NEW YORK (THE WALL STREET JOURNAL via Dow Jones Newswires), Jul. 10, 2009
Exxon is most encouraged by the exploration of 250,000 acres it has leased in the Horn River Basin, in northern British Columbia. Mr. Cejka said results from the first four wells lead the company to conclude that each well will produce between 16 million and 18 million cubic feet of gas a day.
That's five times the size of average wells in Texas's Barnett shale and comparable to big wells in Louisiana's Haynesville shale, two major shale-gas fields that already have moved the U.S. natural-gas market from scarcity to abundance.
Though Exxon is better known as the nation's largest oil company, "We are really interested in shale gas," Mr. Cejka said, detailing the company's push into the energy-exploration business, which was once dominated by scrappy independent companies.
Given that the world is awash with natural gas already, the addition of still more gas from shale fields in Canada and Europe could further depress prices, especially as industrial demand continues to stagnate amid the global economic downturn. But Exxon is taking a longer view.
"The industry is going to have to bring on oil, gas, coal, nuclear, hydro, wind and solar to meet the world's energy demand," Mr. Cejka said. "The economies of the world will come back. Demand will grow again. We are going to be there for the next 20, 30, 40, 50 years."
Other energy companies also are excited about the Horn River field. "This may be the best shale play in North America," said Michael Graham, an executive vice president at EnCana Corp., a Calgary company that already has a big Horn River presence. Mr. Graham said EnCana's latest wells are approaching Exxon's in terms of initial production.
Exxon's Mr. Cejka said that his company also has pieced together substantial leases in prospective shale-gas formations in Germany, Hungary and Poland, and is still adding acreage. Tests on two wells in Hungary, where Exxon and partners hold 400,000 acres, are expected this year. It will be the first time the shale there has been tested.
"Depending on how that goes, we'll either be patting ourselves on the back or walking away," Mr. Cejka said.
The company also plans 10 wells on 750,000 acres it holds in northern German's Lower Saxony Basin this year to better study the geology.
Exxon is interested in all these projects because the amount of gas trapped in shales is enormous. The company estimates there are one quadrillion cubic feet of shale gas world-wide, equal to about a decade's worth of global natural-gas demand, though not all of that is currently recoverable.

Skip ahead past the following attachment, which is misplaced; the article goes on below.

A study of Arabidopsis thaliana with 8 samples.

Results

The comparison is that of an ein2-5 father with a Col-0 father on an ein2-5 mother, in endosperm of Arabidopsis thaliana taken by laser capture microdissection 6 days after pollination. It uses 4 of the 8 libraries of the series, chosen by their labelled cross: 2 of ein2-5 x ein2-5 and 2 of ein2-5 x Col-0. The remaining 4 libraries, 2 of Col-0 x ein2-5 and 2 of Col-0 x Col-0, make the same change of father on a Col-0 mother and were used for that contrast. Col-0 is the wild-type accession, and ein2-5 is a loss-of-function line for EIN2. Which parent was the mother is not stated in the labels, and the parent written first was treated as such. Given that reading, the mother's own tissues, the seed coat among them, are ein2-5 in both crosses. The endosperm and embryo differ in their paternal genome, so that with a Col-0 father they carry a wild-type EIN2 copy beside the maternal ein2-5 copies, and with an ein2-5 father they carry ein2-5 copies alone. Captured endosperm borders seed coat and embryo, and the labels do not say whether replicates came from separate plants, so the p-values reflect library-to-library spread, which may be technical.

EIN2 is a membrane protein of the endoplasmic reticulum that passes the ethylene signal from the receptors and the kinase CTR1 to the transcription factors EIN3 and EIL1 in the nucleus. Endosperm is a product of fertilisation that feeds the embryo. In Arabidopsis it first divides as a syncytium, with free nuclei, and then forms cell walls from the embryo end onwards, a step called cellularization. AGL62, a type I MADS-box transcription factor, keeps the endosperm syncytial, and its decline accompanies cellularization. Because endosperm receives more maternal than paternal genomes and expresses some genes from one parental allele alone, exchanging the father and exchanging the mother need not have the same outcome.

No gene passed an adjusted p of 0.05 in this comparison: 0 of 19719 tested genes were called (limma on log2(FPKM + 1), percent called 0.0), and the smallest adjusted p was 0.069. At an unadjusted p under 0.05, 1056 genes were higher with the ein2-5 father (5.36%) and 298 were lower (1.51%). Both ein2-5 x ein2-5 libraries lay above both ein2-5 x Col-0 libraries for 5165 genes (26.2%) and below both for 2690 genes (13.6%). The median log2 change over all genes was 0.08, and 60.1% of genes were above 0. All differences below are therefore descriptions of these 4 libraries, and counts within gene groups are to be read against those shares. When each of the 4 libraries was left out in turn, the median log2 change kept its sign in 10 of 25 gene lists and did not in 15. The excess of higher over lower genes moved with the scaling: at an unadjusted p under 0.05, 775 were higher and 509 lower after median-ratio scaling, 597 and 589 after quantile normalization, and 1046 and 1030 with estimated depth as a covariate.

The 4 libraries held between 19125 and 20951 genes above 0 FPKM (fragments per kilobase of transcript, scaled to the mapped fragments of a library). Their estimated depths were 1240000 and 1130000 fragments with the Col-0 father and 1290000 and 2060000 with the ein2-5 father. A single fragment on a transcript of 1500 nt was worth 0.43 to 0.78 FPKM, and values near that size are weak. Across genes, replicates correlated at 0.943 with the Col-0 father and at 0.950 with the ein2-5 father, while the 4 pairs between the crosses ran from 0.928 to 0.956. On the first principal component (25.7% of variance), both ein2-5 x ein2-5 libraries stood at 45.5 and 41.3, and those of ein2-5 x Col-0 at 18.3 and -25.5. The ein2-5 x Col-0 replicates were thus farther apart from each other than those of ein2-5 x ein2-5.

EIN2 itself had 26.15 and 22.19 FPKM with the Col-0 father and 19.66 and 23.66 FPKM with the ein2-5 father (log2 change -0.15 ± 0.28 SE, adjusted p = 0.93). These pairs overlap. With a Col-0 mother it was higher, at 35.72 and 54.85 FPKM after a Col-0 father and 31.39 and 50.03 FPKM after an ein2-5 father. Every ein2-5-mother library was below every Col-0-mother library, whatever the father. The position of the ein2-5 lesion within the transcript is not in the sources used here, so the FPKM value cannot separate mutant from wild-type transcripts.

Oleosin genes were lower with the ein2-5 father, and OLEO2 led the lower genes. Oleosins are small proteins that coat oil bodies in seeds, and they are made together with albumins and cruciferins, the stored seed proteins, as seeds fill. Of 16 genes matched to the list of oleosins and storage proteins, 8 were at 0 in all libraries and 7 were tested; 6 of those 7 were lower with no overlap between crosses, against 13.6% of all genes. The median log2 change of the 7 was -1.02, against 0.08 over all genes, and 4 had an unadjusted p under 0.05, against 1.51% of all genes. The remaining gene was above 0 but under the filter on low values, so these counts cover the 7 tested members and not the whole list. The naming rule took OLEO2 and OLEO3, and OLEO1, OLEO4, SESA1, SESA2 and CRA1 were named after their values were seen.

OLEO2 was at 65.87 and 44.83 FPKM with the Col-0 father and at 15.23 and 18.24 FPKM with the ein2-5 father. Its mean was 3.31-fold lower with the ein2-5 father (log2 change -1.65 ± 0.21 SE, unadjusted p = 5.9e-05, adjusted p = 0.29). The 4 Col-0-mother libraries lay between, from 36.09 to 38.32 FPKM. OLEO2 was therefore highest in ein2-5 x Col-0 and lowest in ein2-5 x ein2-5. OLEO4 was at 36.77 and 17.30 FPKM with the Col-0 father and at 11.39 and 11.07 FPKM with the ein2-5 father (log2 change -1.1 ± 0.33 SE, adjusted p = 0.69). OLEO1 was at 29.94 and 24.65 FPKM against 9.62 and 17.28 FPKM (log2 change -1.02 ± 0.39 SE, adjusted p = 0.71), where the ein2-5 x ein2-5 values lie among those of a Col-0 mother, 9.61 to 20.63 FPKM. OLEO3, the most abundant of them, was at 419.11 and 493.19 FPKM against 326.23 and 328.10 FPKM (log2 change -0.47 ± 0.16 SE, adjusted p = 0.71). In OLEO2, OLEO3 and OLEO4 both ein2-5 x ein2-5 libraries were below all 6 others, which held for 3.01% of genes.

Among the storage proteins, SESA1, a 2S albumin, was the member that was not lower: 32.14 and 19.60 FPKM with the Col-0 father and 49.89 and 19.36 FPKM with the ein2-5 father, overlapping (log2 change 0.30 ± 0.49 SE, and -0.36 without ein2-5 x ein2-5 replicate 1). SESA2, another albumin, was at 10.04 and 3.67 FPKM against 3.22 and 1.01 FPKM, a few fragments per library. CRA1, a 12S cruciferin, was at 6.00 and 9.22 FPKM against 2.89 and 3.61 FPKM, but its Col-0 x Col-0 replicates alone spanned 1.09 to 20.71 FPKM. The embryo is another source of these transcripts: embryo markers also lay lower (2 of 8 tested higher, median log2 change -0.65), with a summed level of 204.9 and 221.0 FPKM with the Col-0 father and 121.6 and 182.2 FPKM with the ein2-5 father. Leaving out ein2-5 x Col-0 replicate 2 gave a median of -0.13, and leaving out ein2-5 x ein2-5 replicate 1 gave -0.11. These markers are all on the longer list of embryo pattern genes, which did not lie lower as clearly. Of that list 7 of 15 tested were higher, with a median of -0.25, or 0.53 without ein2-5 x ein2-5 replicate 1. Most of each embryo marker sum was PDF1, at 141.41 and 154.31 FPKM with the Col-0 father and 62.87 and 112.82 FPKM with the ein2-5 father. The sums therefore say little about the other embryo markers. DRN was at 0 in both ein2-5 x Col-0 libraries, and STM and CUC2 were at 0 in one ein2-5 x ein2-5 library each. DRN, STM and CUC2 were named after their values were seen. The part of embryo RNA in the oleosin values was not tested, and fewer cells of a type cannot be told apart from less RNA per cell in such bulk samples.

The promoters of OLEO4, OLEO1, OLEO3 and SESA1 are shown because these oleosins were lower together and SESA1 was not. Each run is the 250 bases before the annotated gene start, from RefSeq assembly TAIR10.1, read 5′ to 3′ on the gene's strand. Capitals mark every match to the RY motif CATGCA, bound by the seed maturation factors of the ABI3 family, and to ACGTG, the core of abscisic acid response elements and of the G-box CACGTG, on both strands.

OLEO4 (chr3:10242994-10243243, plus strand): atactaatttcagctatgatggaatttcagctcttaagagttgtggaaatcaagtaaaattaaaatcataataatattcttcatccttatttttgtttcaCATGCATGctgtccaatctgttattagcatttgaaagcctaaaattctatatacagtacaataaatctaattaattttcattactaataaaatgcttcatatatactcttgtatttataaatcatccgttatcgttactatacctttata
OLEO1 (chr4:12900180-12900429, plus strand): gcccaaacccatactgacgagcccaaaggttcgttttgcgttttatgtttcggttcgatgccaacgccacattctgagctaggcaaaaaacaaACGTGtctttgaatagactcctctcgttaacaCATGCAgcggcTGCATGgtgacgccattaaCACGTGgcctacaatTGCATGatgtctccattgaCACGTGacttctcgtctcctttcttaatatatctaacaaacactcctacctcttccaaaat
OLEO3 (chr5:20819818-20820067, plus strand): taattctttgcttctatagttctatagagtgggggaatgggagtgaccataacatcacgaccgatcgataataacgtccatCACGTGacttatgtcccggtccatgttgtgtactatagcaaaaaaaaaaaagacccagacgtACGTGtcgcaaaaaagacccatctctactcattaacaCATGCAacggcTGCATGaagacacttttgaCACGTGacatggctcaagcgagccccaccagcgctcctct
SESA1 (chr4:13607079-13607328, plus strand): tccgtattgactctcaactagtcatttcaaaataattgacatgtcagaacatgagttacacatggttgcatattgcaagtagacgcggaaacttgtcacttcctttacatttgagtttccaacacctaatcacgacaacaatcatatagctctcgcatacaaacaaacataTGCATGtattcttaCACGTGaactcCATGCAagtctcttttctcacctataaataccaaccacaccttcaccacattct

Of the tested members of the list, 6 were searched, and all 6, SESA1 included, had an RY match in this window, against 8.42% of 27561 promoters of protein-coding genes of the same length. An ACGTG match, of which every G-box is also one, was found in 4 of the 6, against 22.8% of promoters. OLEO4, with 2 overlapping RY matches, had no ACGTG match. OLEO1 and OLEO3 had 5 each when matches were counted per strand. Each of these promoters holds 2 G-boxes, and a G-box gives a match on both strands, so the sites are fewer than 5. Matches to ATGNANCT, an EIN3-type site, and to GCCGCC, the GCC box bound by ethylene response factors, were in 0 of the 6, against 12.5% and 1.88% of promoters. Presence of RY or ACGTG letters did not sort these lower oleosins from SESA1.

Shale gas is one of the "unconventional" gases that are trapped in dense rocks, rather than in porous rocks that form underground reservoirs. To reach it, energy companies must crack the rocks open by injecting them with high-pressure liquids. Improvements over the past few years in the technology to fracture dense rocks and drill vertical wells that turn and run horizontally underground have made it possible to develop unconventional gas.
Before the emergence of the Barnett and other shales, the industry expected the U.S. to become a big net importer of gas by 2009. Instead, the U.S. faces a glut that has driven natural-gas prices below $3.50 per million British thermal units, down 39% this year, and kept imports of liquefied natural gas at anemic levels.
Earlier this decade, companies such as Devon Energy Corp. and Chesapeake Energy Corp., both based in Oklahoma City, were among the first to use the shale-gas extraction technique. Their success spawned a host of imitators and competition for acreage in Louisiana, Arkansas, Texas, Pennsylvania and elsewhere.
Rather than compete with these smaller exploration companies, Exxon began looking for shale formations that were outside the U.S., but near major energy markets. The strategy set it apart from its big globe-trotting competitors, which built up unconventional-gas reserves through acquisition. BP PLC, for instance, spent $3.65 billion on a pair of deals with Chesapeake. Royal Dutch Shell PLC spent $6 billion to acquire Canadian Duvernay Oil Corp. and its acreage in a prospective unconventional-gas formation.
So far, companies are drilling for shale gas only in North America and to a lesser extent in eastern Australia, said Rhodri Thomas, head of consulting firm Wood Mackenzie, in Edinburgh, Scotland.
"Where we've successfully developed these, the volume of the resource has changed the gas market dramatically," he said. "The question is: Where else could this happen?"
Copyright (c) 2009 Dow Jones & Company, Inc.